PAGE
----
A Lebanese legend came to Dubai, a Swedish king was assassinated and a Chinese army was discovered – here are some interesting things that happened on this day in history.
1. Fairuz performed in Dubai
Crowds at the auditorium in American University in Dubai were in for a real treat when Lebanese diva Fairuz performed on March 29, 2001. The singer, 66, was accompanied by a 40-member orchestra and chorus, which included musicians from the Armenian Philharmonic Orchestra.
Born Nouhad Haddad in Lebanon in 1934, Fairuz, who is now aged 85, is one of the most influential Arab singers of all time, with a vast repertoire of more than 1,000 songs (not all of which have been released).
Her first concert was in 1957, in Baalbeck, and by the 1970s she’d achieved worldwide fame after her first North American tour. She has also starred in a number of theatrical plays and films, and is now famously reclusive, having not performed publicly in nearly a decade.
2. The king of Sweden was assassinated
It all happened at a midnight masquerade ball at Stockholm’s Royal Opera. King Gustav III of Sweden was shot in the back, and he died 13 days later. He had reigned for 21 years, and was succeeded by Gustav IV Adolf.
Gustav III had been known for introducing a number of enlightened reforms, including freedom of the press, the abolishment of the use of torture in legal investigation and religious tolerance. But he had his critics in parliament, who rejected many of his reforms. Later, he also declared war on Russia in 1788, only narrowly avoiding complete disaster with a peace treaty two years later.
Captain Jacob John Anckarstrom, a Swedish military officer, was the one who assassinated him. He was executed on April 27 that same year.
3. The Terracotta Army was discovered
On this day in 1974 farmers were digging a well in the Shaanxi province of northwest China when they found something truly wondrous: an entire army of life-sized terracotta sculptures depicting the soldiers and horses of Qin Shi Huang, the first Emperor of China. This was the first modern sighting of the Terracotta Army, encompassing a form of funerary art buried with the emperor dating back more than 2,000 years.
In the years since, researchers have unearthed about 600 pits in a complex of underground vaults. There are an estimated 8,000 warriors that we know about.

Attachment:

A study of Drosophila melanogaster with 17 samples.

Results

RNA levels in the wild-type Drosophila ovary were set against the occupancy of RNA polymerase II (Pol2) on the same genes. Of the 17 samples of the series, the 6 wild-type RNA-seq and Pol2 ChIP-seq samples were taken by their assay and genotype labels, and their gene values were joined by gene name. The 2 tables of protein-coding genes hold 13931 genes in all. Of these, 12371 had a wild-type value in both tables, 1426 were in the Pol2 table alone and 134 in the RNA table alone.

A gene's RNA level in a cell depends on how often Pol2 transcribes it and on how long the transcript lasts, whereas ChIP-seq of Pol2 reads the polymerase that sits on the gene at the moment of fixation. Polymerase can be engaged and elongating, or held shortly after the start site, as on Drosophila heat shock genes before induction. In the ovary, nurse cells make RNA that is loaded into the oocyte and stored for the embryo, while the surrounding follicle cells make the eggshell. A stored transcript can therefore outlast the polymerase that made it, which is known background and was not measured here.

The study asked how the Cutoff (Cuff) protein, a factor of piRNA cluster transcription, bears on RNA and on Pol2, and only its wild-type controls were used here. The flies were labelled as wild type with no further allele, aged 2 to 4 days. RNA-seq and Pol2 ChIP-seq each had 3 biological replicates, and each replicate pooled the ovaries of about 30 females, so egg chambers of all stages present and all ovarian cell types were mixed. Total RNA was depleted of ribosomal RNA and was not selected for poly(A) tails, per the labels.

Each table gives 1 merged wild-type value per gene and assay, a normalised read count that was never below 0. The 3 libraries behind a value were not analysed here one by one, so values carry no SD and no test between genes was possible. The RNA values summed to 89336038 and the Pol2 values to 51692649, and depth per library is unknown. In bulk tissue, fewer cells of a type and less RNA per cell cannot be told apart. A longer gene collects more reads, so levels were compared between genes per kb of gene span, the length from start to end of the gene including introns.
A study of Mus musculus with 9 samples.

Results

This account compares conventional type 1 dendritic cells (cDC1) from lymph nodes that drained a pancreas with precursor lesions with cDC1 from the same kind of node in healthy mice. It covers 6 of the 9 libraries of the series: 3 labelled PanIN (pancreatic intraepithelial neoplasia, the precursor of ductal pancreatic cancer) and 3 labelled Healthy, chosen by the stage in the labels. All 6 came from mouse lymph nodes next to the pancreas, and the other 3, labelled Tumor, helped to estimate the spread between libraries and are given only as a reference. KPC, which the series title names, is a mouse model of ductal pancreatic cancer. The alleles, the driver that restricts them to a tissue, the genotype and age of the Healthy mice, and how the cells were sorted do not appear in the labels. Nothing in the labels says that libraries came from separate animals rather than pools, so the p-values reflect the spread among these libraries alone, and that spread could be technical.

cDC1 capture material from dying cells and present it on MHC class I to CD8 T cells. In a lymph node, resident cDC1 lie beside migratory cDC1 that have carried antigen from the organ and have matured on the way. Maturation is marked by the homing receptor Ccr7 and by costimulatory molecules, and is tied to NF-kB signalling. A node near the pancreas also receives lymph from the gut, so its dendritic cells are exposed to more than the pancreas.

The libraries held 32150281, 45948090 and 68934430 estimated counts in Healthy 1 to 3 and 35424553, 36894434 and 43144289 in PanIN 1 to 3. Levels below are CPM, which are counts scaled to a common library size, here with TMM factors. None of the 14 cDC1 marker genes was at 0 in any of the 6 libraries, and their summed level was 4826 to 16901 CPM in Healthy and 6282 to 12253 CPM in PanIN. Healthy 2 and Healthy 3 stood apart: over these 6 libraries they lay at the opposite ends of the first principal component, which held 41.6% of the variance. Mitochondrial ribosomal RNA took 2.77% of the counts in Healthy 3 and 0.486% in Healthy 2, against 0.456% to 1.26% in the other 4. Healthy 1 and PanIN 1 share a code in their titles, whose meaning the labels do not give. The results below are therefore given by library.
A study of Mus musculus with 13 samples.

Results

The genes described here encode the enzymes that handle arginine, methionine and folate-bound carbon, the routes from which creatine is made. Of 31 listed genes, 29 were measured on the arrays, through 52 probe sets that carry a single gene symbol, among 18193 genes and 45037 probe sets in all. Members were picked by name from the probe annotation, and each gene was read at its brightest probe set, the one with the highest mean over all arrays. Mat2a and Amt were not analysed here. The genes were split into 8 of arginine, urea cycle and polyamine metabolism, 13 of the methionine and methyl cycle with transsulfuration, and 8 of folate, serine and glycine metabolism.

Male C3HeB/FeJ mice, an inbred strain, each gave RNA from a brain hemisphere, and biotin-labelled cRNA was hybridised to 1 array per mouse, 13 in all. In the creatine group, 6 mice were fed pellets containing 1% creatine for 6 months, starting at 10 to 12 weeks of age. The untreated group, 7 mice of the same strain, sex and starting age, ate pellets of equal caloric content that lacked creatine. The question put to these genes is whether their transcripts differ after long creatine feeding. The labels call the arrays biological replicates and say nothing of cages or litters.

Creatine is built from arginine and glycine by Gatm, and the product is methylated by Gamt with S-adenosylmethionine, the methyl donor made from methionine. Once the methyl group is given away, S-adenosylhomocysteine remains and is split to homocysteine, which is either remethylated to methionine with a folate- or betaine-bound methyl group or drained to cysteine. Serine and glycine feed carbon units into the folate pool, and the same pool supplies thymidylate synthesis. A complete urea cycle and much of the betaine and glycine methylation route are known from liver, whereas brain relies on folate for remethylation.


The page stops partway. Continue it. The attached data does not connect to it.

In January of this year, a further 200 were uncovered.
It is believed that it took about 700,000 labourers as many as 30 to 40 years to complete the army and the tombs. Today, the site is a popular tourist destination.
4. Billie Eilish stormed onto the music scene
It's amazing how far she's come in such a short amount of time, considering singer-songwriter Billie Eilish only released her debut studio album, When We All Fall Asleep, Where Do We Go?, a year ago today.
The 18-year-old cleaned up at the Grammy Awards this year, winning five categories, including the big four: Record of the Year, Album of the Year, Song of the Year and Best New Artist.
She first gained media attention in 2016 when she uploaded the song Ocean Eyes to SoundCloud, but now she is undoubtedly a household name across the world.
Her first album, which she largely co-wrote with her brother Finneas O’Connell, sold more than a million copies in the US alone and made her the youngest female solo act to chart at number one in the UK. The music was produced in O’Connell’s small bedroom studio in Los Angeles.
5. The Louvre Museum got a new entrance
Celebrated Chinese-American architect Ieoh Ming Pei, known more commonly as IM Pei, was appointed to develop a grand new entrance for France’s Louvre Museum in 1983, but it only opened in 1989. The now instantly recognisable glass pyramid opened to the public on March 29, 1989, the bicentenary year of the French Revolution.
There is a main pyramid and three smaller ones. The biggest has the same proportions as the Great Pyramid of Giza, a nod to the prestigious Egyptian antiquities collection inside the museum. There’s also an inverted pyramid, which is only visible from underground, when you use the Carousel entrance of the Parisian landmark.
The entrance wasn’t popular when it was built – critics accused it of devaluing the architecture – but today it is a much-loved tourist attraction in its own right.